Experimental feature

Listen to this article

00:00
00:00
Experimental feature
or

Investors are keeping a tighter grip on their credit cards and instead sheltering more money into savings accounts, according to statistics out last month from banking and investment associations. So it is worth taking a close look at the interest rates on offer from different providers.

Most of the best rates – once you have used up your cash allowance for a tax-free individual savings account – are for internet-based accounts.

But research by Sainsbury’s Bank found that many consumers still favour popping into their local bank branch for a more personal service. Sainsbury’s Bank estimates that there could be as much as £78bn in branch-based savings accounts, even though almost a third of these pay less than 3 per cent interest. It claims that there are 52 savings accounts on the market that pay less than 1 per cent interest.

Some of the high street banks seem to be the biggest culprits of unfavourable rates. NatWest offers just 1.29 per cent gross on its First Reserve savings account for deposits up to £4,999, while HSBC pays 1.24 per cent on funds up to £10,000 and Northern Rock’s instant access account pays just 0.7 per cent up to £25,000.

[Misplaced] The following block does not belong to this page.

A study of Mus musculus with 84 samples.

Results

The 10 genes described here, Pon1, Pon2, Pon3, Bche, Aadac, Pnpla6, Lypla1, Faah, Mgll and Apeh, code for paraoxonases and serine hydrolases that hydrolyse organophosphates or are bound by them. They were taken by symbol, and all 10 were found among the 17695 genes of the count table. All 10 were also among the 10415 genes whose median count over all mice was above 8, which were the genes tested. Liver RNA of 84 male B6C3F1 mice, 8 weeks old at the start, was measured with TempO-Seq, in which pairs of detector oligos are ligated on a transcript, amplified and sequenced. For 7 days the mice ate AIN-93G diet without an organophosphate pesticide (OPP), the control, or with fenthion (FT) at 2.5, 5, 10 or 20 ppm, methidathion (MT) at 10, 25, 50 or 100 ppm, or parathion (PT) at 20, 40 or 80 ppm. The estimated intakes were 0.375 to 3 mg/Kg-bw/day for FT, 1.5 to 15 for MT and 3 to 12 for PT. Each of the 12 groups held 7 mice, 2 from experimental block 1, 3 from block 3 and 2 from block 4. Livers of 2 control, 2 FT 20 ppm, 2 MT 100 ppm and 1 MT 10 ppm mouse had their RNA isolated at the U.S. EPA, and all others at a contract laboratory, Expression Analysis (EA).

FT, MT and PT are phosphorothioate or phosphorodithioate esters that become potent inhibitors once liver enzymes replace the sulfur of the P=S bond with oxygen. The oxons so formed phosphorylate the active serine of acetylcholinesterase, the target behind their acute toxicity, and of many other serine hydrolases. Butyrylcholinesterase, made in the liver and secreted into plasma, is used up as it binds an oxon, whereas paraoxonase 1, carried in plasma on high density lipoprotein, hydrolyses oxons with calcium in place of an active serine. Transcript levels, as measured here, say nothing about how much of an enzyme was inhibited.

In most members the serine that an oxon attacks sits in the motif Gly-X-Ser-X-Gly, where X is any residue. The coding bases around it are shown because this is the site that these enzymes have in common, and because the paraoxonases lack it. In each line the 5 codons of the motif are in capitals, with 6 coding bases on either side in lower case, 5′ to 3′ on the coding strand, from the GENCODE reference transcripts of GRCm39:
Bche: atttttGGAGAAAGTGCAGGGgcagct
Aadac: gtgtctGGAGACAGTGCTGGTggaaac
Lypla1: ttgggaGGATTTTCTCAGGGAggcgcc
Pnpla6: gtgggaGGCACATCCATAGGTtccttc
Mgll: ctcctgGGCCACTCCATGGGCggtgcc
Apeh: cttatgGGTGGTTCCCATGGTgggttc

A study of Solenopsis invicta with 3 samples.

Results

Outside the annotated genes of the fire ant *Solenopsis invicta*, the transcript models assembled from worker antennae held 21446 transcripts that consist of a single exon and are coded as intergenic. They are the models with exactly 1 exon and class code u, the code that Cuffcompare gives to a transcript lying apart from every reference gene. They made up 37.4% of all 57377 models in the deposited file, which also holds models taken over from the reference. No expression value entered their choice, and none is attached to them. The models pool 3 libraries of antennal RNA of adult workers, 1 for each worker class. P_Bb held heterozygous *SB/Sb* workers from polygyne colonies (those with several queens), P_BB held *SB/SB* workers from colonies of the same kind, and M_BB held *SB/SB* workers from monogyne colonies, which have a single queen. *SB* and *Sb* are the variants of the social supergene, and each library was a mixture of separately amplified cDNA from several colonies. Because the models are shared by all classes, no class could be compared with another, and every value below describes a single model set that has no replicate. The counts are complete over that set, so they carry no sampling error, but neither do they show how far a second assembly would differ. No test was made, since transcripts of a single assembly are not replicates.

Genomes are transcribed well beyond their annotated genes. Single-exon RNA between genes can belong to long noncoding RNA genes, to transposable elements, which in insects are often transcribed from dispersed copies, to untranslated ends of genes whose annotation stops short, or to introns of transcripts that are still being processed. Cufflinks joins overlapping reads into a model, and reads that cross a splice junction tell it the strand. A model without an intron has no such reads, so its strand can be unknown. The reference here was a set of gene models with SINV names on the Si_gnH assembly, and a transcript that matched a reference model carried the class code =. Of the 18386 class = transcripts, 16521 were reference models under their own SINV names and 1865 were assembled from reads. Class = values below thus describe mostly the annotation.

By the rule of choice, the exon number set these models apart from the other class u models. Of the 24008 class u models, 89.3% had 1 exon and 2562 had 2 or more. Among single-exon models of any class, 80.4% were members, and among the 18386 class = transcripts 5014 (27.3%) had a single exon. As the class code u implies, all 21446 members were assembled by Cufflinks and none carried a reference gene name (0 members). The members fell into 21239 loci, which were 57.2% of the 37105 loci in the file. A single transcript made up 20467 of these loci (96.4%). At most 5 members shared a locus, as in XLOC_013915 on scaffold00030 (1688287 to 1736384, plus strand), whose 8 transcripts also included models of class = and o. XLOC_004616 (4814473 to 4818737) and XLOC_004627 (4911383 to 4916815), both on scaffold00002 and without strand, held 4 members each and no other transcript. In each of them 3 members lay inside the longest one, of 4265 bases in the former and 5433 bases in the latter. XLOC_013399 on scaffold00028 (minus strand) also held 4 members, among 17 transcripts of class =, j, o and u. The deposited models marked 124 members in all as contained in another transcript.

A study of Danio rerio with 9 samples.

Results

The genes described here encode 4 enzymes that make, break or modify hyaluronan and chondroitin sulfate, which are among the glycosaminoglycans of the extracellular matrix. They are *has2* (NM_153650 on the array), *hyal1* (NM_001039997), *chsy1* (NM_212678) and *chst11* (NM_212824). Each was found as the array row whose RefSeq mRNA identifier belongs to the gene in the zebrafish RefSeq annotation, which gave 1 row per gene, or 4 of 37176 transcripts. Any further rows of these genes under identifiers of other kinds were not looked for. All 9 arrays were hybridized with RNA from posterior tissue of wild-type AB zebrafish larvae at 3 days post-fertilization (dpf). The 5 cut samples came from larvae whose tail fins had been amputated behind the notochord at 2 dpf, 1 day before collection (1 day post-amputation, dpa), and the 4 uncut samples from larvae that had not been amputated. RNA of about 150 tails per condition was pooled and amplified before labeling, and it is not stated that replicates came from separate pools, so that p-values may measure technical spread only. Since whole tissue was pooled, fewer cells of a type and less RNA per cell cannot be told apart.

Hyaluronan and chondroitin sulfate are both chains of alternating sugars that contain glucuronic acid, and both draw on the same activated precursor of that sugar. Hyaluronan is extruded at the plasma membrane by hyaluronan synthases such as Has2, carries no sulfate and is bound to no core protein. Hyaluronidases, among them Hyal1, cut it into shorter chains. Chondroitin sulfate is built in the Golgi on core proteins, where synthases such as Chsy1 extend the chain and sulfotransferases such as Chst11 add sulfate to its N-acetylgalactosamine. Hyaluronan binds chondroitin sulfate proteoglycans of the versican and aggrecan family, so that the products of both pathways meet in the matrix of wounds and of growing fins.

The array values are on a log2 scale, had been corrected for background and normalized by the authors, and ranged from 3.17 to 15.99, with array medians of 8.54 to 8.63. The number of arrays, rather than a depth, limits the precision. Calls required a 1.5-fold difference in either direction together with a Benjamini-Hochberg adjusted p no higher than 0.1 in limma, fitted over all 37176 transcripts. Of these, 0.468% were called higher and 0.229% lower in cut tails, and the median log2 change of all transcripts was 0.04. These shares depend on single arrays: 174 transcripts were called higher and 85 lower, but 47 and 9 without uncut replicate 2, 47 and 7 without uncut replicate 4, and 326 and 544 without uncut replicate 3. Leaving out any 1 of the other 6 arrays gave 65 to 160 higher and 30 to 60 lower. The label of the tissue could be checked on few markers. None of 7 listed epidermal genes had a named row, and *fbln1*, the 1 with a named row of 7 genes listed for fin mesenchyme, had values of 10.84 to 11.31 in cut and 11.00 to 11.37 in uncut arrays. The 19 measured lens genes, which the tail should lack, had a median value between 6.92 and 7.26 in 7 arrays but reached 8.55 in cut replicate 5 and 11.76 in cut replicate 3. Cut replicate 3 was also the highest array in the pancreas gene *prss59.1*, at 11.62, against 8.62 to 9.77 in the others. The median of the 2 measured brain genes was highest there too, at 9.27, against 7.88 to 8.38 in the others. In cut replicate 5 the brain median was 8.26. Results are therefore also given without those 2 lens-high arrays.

Nationwide offers an impressive 4.25 per cent gross on its FlexAccount current account but its Cashbuilder savings account pays only 1.2 per cent gross on funds up to £9,999.

Generally, if you have used up your Isa allowance and still have cash to invest, the best rates for instant access accounts are 4.5-4.8 per cent gross. These rates may also demand larger minimum deposits. According to Moneyfacts.co.uk, the comparison website, Anglo Irish Bank has a no-notice account that offers 4.8 per cent gross on funds over £500. Mansfield Building Society offers 4.75 per cent gross if you have at least £1,000 to invest.

Sainsbury and Tesco offer “branch-equivalent” savings accounts, which offer interest rates of up to around 4 per cent gross. These allow you to make deposits into your account at the checkout and pay in cheques either at the checkout or the customer service desk. So you may not benefit from the knowledge of an experienced bank cashier but at least you can pick up your groceries at the same time.

Copyright The Financial Times Limited 2017. All rights reserved.
myFT

Follow the topics mentioned in this article

Comments have not been enabled for this article.